Shoot from the Hip

By Burt, Kate | The Independent (London, England), December 8, 2012 | Go to article overview

Burt, Kate, The Independent (London, England)

It's analogue, has no autofocus - and no flash. And that's precisely why the Lomo is a cult camera, says Kate Burt

Two decades ago, before Instagram, the iPhone and Facebook, a sturdy little Soviet-designed analogue camera was shaping photography's first wave of democratisation - in a student flat in Vienna.

Though, rather undemocratically, back in the early Nineties the pioneering Lomo Kompakt Automat (or Lomo for short, as any hipster photo nerd refers to it) was somewhat hard to get hold of - even for the Viennese students. They could only stock up on this cheap point- and-shoot by making intrepid dashes across the newly relaxed borders of neighbouring Eastern Bloc countries, where they smuggled bagfuls of them past prowling communist customs officers. As for early British adopters - because this was before the time when you could buy a Lomo on Amazon - they'd have to track down its sole distributors to an obscure design studio in London's Clerkenwell, where friends of the Viennese students were selling them.

Despite (or perhaps because of) our digital dependency, reverence for the camera has only grown over the years and, with its underground credentials, it was only a matter of time before the Lomo achieved cult status. Now it's official: Lomo Life, published by Thames & Hudson, is a new book studded with contributions from fashionable celebrity fans, including Paul Smith and the White Stripes, and celebrates the 20th anniversary of the camera's discovery outside the Iron Curtain.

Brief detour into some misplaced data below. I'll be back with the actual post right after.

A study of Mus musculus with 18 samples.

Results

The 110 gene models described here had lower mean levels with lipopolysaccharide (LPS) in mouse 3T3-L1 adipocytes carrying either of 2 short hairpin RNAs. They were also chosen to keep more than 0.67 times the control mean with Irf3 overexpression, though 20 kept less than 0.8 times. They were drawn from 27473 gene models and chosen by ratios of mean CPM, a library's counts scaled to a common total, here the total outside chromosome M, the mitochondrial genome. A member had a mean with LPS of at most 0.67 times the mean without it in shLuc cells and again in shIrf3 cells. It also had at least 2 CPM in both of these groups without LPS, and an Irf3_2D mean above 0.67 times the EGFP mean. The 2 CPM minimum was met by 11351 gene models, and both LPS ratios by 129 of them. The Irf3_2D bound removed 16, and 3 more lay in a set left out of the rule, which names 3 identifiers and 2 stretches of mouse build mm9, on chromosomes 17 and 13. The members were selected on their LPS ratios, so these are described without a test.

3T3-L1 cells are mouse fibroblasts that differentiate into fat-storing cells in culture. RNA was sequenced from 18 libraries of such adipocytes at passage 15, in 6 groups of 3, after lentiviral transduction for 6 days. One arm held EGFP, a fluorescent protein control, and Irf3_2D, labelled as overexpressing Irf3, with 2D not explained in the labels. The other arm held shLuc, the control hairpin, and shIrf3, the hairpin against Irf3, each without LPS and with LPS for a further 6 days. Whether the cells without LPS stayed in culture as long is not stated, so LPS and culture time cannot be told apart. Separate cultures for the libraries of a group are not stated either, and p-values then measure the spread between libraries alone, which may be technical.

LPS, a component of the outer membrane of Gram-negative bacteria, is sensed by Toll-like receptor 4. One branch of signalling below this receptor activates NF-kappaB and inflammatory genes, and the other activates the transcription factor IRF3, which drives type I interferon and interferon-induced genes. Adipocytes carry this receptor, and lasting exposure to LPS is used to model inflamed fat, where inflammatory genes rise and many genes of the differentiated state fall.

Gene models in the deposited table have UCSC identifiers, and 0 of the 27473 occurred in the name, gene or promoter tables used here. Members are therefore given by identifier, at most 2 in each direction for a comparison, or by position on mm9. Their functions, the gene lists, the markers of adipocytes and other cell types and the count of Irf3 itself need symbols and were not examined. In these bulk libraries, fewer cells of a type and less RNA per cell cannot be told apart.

But what is it that singles this particular piece of outdated technology - it has no auto-focus and no built-in flash - from all the others, and where did the Lomo come from?

The camera is named after the St Petersburg arms manufacturer that developed it in the early 1980s Cold War era. A Soviet-adapted version of a Japanese model, the Lomo was deemed an appropriately affordable, hardwearing and easy-to-use gadget for the proletariat and soon went into mass production.

But it wasn't until around 10 years later, in Prague, that the camera started to gain cult status. In 1991, the aforementioned Austrian students took a trip to Czechoslovakia, across the newly- opened border between the neighbouring countries - and discovered a Lomo in a little camera shop. They may have purchased it for its quaintly old-fashioned aesthetics (its solid, black plastic exterior has something of the retro charm of the Trabant car, another lately fashionable Communist relic), but it was when they got home and developed the photos that the students really got excited.